November 21st of every year is usually set aside to mark the world fisheries day. The key focus of this special day is to create massive awareness on the problem bothering on the fisheries resource, the need for sustainable fisheries, conservation of marine biodiversity and improving the livelihood of fishers.

Fisheries plays a very significant role in the world, aside from being a source of food, coastal and inland fishing serve as a major source of livelihood for a huge population of people especially in those in developing countries. According to the Food and Agriculture Organization in 2018, an estimated 59.5 million people are engaged in fisheries and Aquaculture with the largest percentage being in Africa and Asia. Fisheries resources are therefore of immense importance to food security, poverty alleviation and improved livelihood for many.

Despite this importance, Fisheries resources have been in danger of depletion. Data from the FAO shows that the percentage of fish stock within biological sustainable levels has decreased from 90 percent in 1974 to 65.8 percent in 2017. Most of this depletion is due to overfishing, water pollution, oil spillage and most recently ghost gear.

In Nigeria, most of the problems of fishing are really pronounced. From a research carried out by SOFER Initiative, it was discovered that the average number of nets carried on a single fishing trip is between 15 to 21; this unsustainable fishing method continues to cause depletion in fish stocks. Water pollution and oil spillage are also cause for serious concern. It is on this premise that there is a need to review current regulations guarding fisheries resources and proper enforcement by relevant authorities.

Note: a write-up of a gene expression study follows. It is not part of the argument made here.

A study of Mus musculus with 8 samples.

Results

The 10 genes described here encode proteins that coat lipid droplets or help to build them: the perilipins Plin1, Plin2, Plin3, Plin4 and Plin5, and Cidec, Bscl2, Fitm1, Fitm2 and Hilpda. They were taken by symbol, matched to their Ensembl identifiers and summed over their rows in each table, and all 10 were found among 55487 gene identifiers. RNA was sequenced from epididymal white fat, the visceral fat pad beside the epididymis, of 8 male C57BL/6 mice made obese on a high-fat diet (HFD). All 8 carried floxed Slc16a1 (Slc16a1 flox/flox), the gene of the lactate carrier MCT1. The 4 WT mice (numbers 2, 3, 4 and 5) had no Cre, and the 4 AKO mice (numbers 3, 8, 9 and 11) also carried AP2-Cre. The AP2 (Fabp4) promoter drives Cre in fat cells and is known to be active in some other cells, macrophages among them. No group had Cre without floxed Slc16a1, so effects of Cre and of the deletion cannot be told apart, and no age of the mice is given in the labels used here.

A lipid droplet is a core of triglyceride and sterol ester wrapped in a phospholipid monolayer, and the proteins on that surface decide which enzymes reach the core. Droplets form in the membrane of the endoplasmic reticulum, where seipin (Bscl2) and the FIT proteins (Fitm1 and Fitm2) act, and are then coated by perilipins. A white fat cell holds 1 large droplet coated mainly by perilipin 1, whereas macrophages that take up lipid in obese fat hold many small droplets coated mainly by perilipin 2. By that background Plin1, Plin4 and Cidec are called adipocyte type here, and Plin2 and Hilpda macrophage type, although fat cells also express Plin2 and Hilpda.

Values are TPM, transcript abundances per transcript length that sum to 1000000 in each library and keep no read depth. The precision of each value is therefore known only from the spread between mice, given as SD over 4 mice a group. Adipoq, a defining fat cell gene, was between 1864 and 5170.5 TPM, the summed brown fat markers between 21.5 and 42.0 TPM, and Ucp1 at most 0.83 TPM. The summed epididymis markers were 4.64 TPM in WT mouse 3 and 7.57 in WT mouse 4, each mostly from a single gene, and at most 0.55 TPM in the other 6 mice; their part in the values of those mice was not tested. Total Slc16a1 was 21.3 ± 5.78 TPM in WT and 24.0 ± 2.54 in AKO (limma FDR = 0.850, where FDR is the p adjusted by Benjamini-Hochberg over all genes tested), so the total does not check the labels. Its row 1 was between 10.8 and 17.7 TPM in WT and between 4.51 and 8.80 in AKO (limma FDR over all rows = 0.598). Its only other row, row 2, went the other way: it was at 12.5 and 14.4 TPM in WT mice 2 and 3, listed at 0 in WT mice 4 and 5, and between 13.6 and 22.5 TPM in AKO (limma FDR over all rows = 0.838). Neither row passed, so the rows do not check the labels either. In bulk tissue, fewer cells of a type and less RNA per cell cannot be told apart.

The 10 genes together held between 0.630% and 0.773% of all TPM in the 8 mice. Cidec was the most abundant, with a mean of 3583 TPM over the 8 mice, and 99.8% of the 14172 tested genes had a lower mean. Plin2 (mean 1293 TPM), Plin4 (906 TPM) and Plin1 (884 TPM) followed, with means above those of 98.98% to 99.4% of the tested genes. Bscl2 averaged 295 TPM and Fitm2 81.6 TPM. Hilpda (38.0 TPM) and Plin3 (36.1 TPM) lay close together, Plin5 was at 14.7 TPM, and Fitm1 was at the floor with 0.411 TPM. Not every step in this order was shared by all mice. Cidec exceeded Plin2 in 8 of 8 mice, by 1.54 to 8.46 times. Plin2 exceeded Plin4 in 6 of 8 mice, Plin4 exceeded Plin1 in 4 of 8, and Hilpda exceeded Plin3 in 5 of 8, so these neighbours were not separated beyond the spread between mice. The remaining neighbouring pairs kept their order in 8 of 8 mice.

Most recently it has also been discovered that ghost gear poses a serious threat to fisheries resources. Analyzing the current scientific evidence, World Animal Protection estimates that ghost gears kill at least 136,000 seals, sea lions and large whales every year not including the number of birds, turtle fish and other species which are much more. SOFER Initiative have continued to put in efforts to reduce this problem in Nigeria and West Africa through her Fishing Net Gains project.

A fisheries day would not be complete without discussing the livelihood of artisanal fishers. In Nigeria the state of most fishing communities is cause for concern to both governments and well meaning organizations. Most of these communities have no schools, health centers, pipe borne water or even electricity. During a research and development activity by SOFER Initiative in one of the fishing communities it was sad to witness the death of a child due to absence of health care facilities.

Also, unlike farmers most fishers have no access to credit facilities, subsidies or any incentives whatsoever even though their activities are of immense benefits to the food sector. Since 80 percent of Nigeria’s total domestic production of fish is generated by artisanal fishers it is important that their welfare be taken into consideration. Fishing communities should be provided with basic infrastructures and fishers should have access to loan facilities and insurance for successes in their activity.

Finally, let’s all work together to improve our fisheries resources for a better tomorrow.